Oyce (oyceter) wrote,

Jemisin, N.K. - The Kingdom of Gods

Third book of the Inheritance Trilogy (Book 1 (no spoilers), Book 2 (spoilers))

Disclaimer: I know and like the author. Also, this write up is even more outside the norm in that I read a draft for the book in 2010.

The back cover copy says that this book is about Shahar, the current heir to the Arameri throne, but it really is about Sieh and his godling-ness. I knew this going in, given the draft I had read, but I'm still a bit disappointed, since I would very much like to read the book that the back cover copy describes.

The Kingdom of Gods is largely about wrapping up the fallout that begins with Book 1 of the trilogy, although thankfully, each book can be read by itself. As previously mentioned, it follows Sieh as he adjusts to some odd changes in his situation, starting with his befriending the young Arameri twins Shahar and Deka.

Sieh was one of my favorites from The Hundred Thousand Kingdoms, and although I still like him a great deal, I'm not sure the decision to write the book from Sieh's POV entirely worked for me. You see, Sieh is the god of childhood, so despite his millennia of being and his vast amounts of power, he gains the most power when he is truly embodying the spirit of childhood. Unfortunately, I don't think the narration quite captured that. I very much loved Jemisin's voice in the first book of the trilogy, was a bit meh about it in the second, and I'm a bit meh about it here as well. I think she writes elegant, high fantasy voice extremely well, but I didn't completely buy street-smart Oree or childish Sieh. Sieh's voice in particular feels too deliberate for me; even the bits of childish retorts or brattiness don't read as very spontaneous.

The politics are much more interesting, although I was frustrated at being limited to Sieh's POV. The Arameri hold on the Hundred Thousand Kingdoms is falling apart, and although Sieh does have some hand in this, his emotional ties to the situation are fairly weak.


Sieh is much more concerned with his aging, and while it eventually does get tied back into the rebellion against the Arameri, we don't really find this out until much later. And even then, I wasn't particularly satisfied by the major villain of the book, who mostly seeks to destroy the universe out of vengeance because... he is the god of vengeance. I think I may have bought it more had there been more development of the villain, but because of the Sieh POV and Sieh having forgotten about his child, we don't get very much.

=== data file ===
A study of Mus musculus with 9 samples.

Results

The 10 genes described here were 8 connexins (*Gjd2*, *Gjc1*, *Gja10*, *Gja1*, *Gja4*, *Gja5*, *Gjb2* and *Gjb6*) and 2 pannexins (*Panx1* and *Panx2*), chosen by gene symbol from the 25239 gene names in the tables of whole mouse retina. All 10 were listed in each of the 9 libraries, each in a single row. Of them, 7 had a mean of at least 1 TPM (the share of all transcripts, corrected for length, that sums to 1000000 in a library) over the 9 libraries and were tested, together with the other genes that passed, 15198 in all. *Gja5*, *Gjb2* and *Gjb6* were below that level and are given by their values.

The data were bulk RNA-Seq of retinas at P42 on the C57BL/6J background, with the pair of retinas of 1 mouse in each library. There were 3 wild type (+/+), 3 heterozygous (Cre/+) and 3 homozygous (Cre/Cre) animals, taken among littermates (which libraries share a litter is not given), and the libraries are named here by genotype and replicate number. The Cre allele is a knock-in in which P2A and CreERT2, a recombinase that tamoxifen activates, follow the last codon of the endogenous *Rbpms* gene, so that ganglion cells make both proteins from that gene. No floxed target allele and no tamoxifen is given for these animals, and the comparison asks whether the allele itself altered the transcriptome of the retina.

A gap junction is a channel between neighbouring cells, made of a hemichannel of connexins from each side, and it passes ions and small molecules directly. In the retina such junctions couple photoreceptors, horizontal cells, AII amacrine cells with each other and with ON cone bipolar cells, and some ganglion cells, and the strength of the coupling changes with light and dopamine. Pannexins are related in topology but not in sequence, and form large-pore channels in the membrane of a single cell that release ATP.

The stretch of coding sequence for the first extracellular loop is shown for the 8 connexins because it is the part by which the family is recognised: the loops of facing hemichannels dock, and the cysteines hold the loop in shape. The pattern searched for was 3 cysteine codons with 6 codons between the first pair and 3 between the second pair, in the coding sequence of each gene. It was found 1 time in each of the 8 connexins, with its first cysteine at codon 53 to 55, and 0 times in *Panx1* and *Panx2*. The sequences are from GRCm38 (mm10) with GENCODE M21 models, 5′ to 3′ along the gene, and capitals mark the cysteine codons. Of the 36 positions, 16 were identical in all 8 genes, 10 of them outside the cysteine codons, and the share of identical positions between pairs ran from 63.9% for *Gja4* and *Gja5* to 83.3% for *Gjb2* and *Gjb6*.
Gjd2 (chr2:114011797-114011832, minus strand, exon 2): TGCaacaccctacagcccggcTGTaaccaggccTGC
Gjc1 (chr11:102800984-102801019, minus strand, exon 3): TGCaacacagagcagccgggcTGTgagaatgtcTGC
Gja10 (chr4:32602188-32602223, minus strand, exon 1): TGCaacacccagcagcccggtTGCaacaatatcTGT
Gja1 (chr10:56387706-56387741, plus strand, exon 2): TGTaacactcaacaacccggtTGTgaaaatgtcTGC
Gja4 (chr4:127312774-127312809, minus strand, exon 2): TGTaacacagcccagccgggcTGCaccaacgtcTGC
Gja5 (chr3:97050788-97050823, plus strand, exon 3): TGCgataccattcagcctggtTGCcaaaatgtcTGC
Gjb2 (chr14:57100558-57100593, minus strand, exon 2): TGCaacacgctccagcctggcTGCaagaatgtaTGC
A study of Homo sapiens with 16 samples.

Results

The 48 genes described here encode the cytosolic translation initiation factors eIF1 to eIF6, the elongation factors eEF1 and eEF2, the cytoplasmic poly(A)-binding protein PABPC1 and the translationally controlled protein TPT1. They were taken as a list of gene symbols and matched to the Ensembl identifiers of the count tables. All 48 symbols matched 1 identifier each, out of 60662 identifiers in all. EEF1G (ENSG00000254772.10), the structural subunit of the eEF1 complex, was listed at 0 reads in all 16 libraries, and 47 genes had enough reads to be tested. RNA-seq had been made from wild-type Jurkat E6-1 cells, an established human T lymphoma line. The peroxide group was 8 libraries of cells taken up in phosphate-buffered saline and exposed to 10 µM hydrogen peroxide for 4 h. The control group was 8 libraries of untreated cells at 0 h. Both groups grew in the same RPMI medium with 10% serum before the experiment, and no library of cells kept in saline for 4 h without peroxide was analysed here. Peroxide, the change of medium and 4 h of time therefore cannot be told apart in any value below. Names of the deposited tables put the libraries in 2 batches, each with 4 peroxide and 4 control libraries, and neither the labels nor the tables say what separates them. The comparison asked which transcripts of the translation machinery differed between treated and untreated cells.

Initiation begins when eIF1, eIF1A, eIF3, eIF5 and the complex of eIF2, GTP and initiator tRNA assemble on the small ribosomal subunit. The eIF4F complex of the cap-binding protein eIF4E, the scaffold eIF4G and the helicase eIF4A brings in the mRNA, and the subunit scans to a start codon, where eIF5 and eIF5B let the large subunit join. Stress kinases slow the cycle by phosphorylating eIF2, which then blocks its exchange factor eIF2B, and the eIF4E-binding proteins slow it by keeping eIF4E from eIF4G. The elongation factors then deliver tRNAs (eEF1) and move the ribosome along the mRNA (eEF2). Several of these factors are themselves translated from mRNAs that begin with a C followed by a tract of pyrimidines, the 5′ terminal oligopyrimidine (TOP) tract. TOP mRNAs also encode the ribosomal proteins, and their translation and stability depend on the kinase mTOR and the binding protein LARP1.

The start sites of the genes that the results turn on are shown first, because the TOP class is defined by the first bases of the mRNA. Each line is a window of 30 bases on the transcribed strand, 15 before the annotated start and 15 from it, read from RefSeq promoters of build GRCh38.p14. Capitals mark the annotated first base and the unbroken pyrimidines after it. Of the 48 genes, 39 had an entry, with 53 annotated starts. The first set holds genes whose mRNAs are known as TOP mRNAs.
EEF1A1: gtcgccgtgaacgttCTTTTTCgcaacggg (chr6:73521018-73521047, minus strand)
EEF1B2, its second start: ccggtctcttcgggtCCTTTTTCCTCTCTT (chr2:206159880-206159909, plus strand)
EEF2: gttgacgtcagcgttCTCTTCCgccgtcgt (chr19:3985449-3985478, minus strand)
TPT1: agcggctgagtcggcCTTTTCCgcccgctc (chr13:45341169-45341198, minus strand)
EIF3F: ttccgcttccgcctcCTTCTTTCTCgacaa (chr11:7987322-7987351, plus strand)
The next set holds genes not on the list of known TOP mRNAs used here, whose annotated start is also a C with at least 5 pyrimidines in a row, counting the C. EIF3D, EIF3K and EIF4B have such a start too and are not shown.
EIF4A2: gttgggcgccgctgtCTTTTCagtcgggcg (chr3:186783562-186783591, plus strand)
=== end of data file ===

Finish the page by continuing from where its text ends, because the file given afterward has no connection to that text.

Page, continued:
I also think that although the period Sieh spends with Ahad is better than it was in the draft—I realize this is a completely unfair comparison, but it's hard to make yourself mentally unread something—I still don't really understand Ahad as a character. It doesn't help that Sieh isn't particularly invested in preventing the fall of the Arameri, and because Sieh doesn't much care, the entire section reads as more of a waiting game than anything else.

All complaints aside, this was still a very engaging read for me. I heart Shahar to pieces, and I very much love the first section of the book, up to Shahar's betrayal of Sieh. And Jemisin is extremely good at epic fantasy set pieces: the fall of the World Tree, the creation of Echo, the sigils carved on Deka's body, Shahar flying Echo across the world, the hidden maskers in the crowd, Glee Shoth a white streak in the sky as she wields her father's sword.

And I can't tell how much of my analysis has to do with the fact that I was much more interested in the side relationships and characters: Shahar and Remath and Deka, Remath and her brother, Remath and her lover whose name I forgot, what I assume are various shifting alliances among the rebellion, Enefa and Sieh, Yeine and Sieh and Nahadoth, and of course Yeine and Nahadoth and Itempas.

Overall, the book combines a mortal political plot with the political plotting of the gods, as do the other two in the trilogy. I still think the first book ties the two strands together best; many of the weaknesses in this book come from both sides of the plot not being developed enough. We don't get enough of one or the other, so although they're both interesting, they feel in need of fleshing out. Still, it's a really interesting trilogy, and I suspect Jemisin will work out balancing different aspects of a novel over time.